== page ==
A side-by-side comparison of connected vehicle technology at 85 traffic signals in the Tuscaloosa, AL area showed that latency in delivering safety messages from roadside units (RSUs) to vehicles via dedicated short range radios (DSRC) and LTE cellular (C-V2N) was “approximately equivalent,” according to a study by the University of Alabama. Researchers presented the study at the ITS America Annual Meeting in Washington, DC.

The research, conducted by Alex Hainen, Ph.D., Assistant Professor at the Department of Civil, Construction and Environmental Engineering at The University of Alabama, looked at installation, maintenance, latency of transmissions from RSUs and scalability for in-vehicle deployment. The research was conducted in conjunction with the Alabama Department of Transportation.

As connected vehicle communication methodologies, such as DSRC or cellular, continue to be debated, we wanted to look at the practical aspects of these technologies such as which can be quickly deployed by roadway operators and quickly adopted by the motoring public, and what role latency played in delivering RSU safety messages. We continue to look at additional applications for vehicle to infrastructure communications and how they can play a role in improving safety and efficiency.

—Dr. Hainen

According to the study, the main justification for choosing DSRC technology over cellular is that DSRC communications have much lower latency than cellular communications. However, the project showed the 4G LTE communications had a latency period of less than 300 milliseconds. While this period is longer than the DSRC communications, this time difference in latency periods have very little difference in the applications tested with this platform.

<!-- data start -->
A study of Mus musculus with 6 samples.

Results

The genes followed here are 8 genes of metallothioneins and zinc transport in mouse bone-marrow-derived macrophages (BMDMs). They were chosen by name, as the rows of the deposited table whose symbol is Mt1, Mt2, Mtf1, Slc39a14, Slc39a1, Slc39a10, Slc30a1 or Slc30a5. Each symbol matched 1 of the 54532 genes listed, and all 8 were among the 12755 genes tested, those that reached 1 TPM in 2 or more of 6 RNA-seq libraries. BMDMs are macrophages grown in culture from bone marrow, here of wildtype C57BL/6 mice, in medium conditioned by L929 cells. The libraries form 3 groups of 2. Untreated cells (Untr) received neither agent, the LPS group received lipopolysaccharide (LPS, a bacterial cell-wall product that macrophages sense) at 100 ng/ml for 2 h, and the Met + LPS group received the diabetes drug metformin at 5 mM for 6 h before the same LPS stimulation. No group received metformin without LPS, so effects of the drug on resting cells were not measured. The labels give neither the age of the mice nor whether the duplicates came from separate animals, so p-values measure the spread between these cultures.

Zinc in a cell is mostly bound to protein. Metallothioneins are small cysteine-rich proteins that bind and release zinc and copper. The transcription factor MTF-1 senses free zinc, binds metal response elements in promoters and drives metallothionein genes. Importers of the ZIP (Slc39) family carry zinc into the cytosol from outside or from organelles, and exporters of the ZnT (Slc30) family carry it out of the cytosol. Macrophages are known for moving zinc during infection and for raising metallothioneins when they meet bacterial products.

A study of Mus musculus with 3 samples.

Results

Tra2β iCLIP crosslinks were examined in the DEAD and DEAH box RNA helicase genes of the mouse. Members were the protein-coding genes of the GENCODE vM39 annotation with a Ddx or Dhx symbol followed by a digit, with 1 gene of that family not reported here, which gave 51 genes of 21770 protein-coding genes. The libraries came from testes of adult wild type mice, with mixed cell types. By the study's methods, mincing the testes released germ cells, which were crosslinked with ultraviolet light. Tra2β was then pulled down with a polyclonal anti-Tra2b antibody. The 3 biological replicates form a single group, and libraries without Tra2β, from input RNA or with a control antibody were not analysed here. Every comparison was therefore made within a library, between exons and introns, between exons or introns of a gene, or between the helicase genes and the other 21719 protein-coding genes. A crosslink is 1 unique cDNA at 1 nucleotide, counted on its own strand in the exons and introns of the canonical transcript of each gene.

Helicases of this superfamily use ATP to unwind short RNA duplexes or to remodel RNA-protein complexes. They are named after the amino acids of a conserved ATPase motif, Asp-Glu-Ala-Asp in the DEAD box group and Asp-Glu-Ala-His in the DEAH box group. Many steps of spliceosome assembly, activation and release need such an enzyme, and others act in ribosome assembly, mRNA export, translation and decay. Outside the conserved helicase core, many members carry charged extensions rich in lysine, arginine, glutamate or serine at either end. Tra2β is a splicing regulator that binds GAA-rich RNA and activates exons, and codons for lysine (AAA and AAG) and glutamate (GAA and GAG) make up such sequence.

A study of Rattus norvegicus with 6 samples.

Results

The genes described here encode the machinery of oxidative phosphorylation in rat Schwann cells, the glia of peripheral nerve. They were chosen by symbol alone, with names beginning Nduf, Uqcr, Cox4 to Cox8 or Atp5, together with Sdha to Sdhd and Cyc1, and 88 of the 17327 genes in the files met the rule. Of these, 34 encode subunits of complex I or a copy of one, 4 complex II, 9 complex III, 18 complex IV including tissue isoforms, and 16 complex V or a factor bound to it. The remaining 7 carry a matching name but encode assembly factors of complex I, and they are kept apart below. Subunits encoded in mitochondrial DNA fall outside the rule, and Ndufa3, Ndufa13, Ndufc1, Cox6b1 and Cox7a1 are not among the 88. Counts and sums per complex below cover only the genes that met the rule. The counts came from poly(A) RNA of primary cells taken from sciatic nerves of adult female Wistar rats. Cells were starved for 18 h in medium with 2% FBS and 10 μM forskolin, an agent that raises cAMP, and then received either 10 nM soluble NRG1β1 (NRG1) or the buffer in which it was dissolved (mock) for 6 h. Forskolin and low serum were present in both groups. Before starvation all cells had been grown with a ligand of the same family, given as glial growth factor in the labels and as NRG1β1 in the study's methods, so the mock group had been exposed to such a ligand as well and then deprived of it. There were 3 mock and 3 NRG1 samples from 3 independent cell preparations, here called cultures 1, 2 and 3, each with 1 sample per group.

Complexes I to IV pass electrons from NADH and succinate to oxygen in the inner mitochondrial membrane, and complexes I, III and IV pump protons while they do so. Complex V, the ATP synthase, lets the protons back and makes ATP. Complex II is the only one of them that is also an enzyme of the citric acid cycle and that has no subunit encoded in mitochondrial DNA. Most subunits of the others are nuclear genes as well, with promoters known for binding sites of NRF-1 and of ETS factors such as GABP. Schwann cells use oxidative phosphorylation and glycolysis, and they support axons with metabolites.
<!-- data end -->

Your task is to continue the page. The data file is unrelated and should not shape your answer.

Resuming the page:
In the future, higher levels of automated driving may require low-latency V2V communication, but this current technology has already shown much potential as a connected traveler platform that can be easily used by today’s technology.

—Hainen et al.

The study also concluded that:

  • Cellular technology was much easier to configure and install than the DSRC equipment.

  • In terms of configuration, the cellular units have the ability to have their firmware updated via “Over-the-air” updates.

  • The most reliable way to update the DSRC units is through direct ethernet connection and one must be physically at the pole to update the unit.

  • Aftermarket OBUs cost upwards of $1,000 and usually require modification of the vehicle. This makes distribution of DSRC technology beyond pilot programs expensive and impractical.

The cellular equipment used was an AI-500-085 Processor unit provided by Applied Information. The units were installed in the traffic signal cabinets to monitor and communicate with both the cellular OBU and the TravelSafely smartphone app. The 500-085 processor also served as the Signal Phase and Timing (SPaT) translator from the traffic signal controller to the DSRC radio. DSRC radios were the ConnexUS Locomate Roadstar. Siemens M60 advanced traffic controllers were used. The TravelSafely system worked through both cellular and DSRC radio communication and processed whichever packet (either DSRC or cellular) arrived first.